Sue Blackmore on Why Faith Is Irrational

After publishing several comments by persons of faith, the Guardian's group blog has published an atheistic defense by Sue Blackmore, whose bio is as follows: "a freelance writer, lecturer and broadcaster, and a visiting lecturer at the University of the West of England, Bristol. She has a degree in psychology and physiology from Oxford University (1973) and a PhD in parapsychology from the University of Surrey (1980). Her research interests include memes, evolutionary theory, consciousness, and meditation. She practises Zen and campaigns for drug legalisation."

Is it just a coincidence, or is biology the one scientific discipline most likely to attract atheists? In any event, here is what she has to say:

I'm not referring to the ordinary kind of faith by which we have faith in another person's honesty, or that taking an aspirin will reduce our headache. I am talking about religious faith, as Tony Blair was too. In this context faith means believing without reason. Indeed, this is precisely how it is defined, for example as "Belief that does not rest on logical proof or material evidence" or in Merriam Webster as "firm belief in something for which there is no proof". Does this make faith inconsistent with reason? I would say yes. Reason demands that you look for evidence and believe accordingly - which is exactly what we do when we trust a friend because they've been reliable in the past, or doubt a rumour until we've checked on the facts.

Faith is corrosive to the human mind. If someone genuinely believes that it is right to believe things without reason or evidence then they are open to every kind of dogma, whim, coercion, or dangerous infectious idea that's around. If someone is convinced that it is acceptable to base their beliefs on what is written in an ancient book, or what some teacher tells them they must believe, then they will have no true freedom of thought; they will be trapped by their faith into inconsistency and untruths because they are unable to throw out false ideas when evidence against them comes along.

. . .

I want to be clear about some things I am not saying. First I am not saying that everything has to be rational. There is much about human life that has little or nothing to do with rationality; there's love and affection, art and poetry, happiness, beauty and intuition. But none of these things has to be taken on faith. University courses include much that is not rational, not just in arts courses but even in science, where one has hunches or enjoys beautiful ideas, but again there is no room for holding onto religious faith - wherever the ideas come from they must ultimately be thrown out if they are shown to be wrong.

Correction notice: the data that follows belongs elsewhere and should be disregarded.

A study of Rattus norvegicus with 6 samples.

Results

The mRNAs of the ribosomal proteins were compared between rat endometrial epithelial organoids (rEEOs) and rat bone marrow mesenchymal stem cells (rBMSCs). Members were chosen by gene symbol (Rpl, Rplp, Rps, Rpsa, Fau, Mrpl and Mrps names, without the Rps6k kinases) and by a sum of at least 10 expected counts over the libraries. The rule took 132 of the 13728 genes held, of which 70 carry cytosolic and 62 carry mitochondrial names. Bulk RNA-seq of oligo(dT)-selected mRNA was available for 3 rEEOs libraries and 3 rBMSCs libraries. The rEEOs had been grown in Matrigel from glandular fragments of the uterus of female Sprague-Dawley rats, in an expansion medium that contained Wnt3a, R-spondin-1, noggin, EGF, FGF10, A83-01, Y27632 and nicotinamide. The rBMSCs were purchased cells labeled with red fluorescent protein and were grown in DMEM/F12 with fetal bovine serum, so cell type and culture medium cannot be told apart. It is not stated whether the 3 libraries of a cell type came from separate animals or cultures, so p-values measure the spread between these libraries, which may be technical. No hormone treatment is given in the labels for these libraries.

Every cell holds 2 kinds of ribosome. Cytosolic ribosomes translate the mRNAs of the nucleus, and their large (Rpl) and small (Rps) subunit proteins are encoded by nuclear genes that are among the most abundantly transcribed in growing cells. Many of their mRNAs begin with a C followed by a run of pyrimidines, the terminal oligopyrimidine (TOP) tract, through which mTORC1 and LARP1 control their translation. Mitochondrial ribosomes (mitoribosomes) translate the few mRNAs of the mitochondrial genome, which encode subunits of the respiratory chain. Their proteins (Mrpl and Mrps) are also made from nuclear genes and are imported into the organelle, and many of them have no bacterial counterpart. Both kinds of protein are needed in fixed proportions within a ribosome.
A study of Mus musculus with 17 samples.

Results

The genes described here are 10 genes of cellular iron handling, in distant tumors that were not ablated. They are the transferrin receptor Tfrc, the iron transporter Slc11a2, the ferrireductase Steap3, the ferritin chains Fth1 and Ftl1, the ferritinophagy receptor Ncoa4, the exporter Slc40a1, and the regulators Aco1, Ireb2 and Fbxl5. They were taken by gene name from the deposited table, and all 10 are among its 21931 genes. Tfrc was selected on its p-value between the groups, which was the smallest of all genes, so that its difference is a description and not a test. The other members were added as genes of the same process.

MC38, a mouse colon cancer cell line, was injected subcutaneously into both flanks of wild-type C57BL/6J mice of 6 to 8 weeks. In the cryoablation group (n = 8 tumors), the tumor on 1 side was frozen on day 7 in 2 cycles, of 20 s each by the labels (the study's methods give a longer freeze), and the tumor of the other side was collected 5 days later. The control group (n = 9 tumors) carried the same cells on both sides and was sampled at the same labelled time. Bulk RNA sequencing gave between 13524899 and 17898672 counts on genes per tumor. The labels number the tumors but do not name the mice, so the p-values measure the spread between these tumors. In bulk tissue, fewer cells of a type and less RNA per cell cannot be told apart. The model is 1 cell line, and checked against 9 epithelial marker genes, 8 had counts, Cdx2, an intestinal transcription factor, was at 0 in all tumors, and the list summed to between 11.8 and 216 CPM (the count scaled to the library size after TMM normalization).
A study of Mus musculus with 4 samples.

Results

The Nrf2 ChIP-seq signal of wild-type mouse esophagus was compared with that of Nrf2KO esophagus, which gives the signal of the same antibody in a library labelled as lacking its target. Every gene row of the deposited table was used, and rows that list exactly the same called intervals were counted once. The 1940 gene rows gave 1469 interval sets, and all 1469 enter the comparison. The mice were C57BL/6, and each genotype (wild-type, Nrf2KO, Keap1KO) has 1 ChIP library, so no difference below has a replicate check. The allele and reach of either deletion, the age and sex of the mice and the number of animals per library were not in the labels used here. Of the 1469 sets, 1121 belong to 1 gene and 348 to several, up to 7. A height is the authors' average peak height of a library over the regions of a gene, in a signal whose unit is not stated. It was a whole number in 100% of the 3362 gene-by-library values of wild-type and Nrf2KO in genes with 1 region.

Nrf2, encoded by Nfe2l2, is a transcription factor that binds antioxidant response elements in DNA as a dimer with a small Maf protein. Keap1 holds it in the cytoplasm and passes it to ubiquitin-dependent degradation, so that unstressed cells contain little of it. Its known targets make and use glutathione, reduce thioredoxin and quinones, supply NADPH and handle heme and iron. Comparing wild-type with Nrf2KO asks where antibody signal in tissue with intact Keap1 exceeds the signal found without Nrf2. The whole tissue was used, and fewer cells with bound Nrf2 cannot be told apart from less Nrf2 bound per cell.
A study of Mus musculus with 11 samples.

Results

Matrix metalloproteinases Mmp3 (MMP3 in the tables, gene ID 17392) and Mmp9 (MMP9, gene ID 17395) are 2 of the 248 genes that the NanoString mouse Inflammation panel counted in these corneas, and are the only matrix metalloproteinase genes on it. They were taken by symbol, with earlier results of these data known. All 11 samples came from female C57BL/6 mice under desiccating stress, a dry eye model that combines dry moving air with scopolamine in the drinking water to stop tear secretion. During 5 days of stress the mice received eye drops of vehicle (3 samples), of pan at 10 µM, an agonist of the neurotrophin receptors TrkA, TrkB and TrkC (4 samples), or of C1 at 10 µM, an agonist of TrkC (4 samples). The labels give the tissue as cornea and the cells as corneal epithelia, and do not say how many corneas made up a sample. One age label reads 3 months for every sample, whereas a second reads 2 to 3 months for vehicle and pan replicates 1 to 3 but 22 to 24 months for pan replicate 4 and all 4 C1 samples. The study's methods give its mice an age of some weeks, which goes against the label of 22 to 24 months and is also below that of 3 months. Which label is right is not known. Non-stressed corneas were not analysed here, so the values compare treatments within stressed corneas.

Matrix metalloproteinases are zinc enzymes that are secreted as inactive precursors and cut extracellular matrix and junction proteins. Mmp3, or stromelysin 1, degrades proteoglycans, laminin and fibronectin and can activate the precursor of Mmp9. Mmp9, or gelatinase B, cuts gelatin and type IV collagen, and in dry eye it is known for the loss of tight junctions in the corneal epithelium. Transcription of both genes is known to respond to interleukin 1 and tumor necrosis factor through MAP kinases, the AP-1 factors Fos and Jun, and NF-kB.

Second, I am not saying that no students should have religious beliefs. This is (and must be, in a free society) a matter for them, in the privacy of their own minds. There will always be some students who believe things on faith and others who don't, but the job of a university course is to make people think and to give them the tools for doing so. Faith is not one of those tools. Indeed, by and large, a university education reduces religious belief, as indeed it should.

. . .

Of course people of faith want us to respect their beliefs. For they have no other way of defending them than to appeal to respect, to promise rewards for believers, or threaten punishments for unbelievers. So anyone who cares about the truth should resist these meme tricks. Religious faith is something that we should struggle to throw off when we have better ways of learning the truth about the universe we live in; something we should overcome rather than something we should respect.

I, for one, do not want to live in a world where religious faith is respected. I do not want more "faith-based initiatives". I do not want more faith schools, and our great universities should continue to teach people to think for themselves, to respect the truth, and to take nothing on faith.

Read it all.

To me, this points out the wisdom of Robert Miller's point that we should not agree that religious faith and reason are two separate worlds. They are not. Is not reason one of the three sources of authority within the Anglican tradition? And speaking for myself, I certainly use reason in evaluating the claims of my faith.

It is certainly the case that there is no scientific "proof" that God existed, or that Jesus was indeed resurrected from the dead, but this does not mean that a religious belief in these claims is irrational. Assuredly, there is a leap of faith, but that leap is informed by reason. A belief in the resurrection, for example, is supported by the testimony of Paul and the four Gospels. And as Francis Collins has argued the fact that the universe had a beginning, that it obeys orderly laws that can be expressed precisely with mathematics, and the existence of a remarkable series of "coincidences" in the value of foundational scientific values that allow the laws of nature to support life can also lend strong support for a rational belief in God. A belief that God caused the universe to come into being and set its laws and physical parameters precisely right to allow the creation of stars, planets, heavy elements and life itself does not contradict science.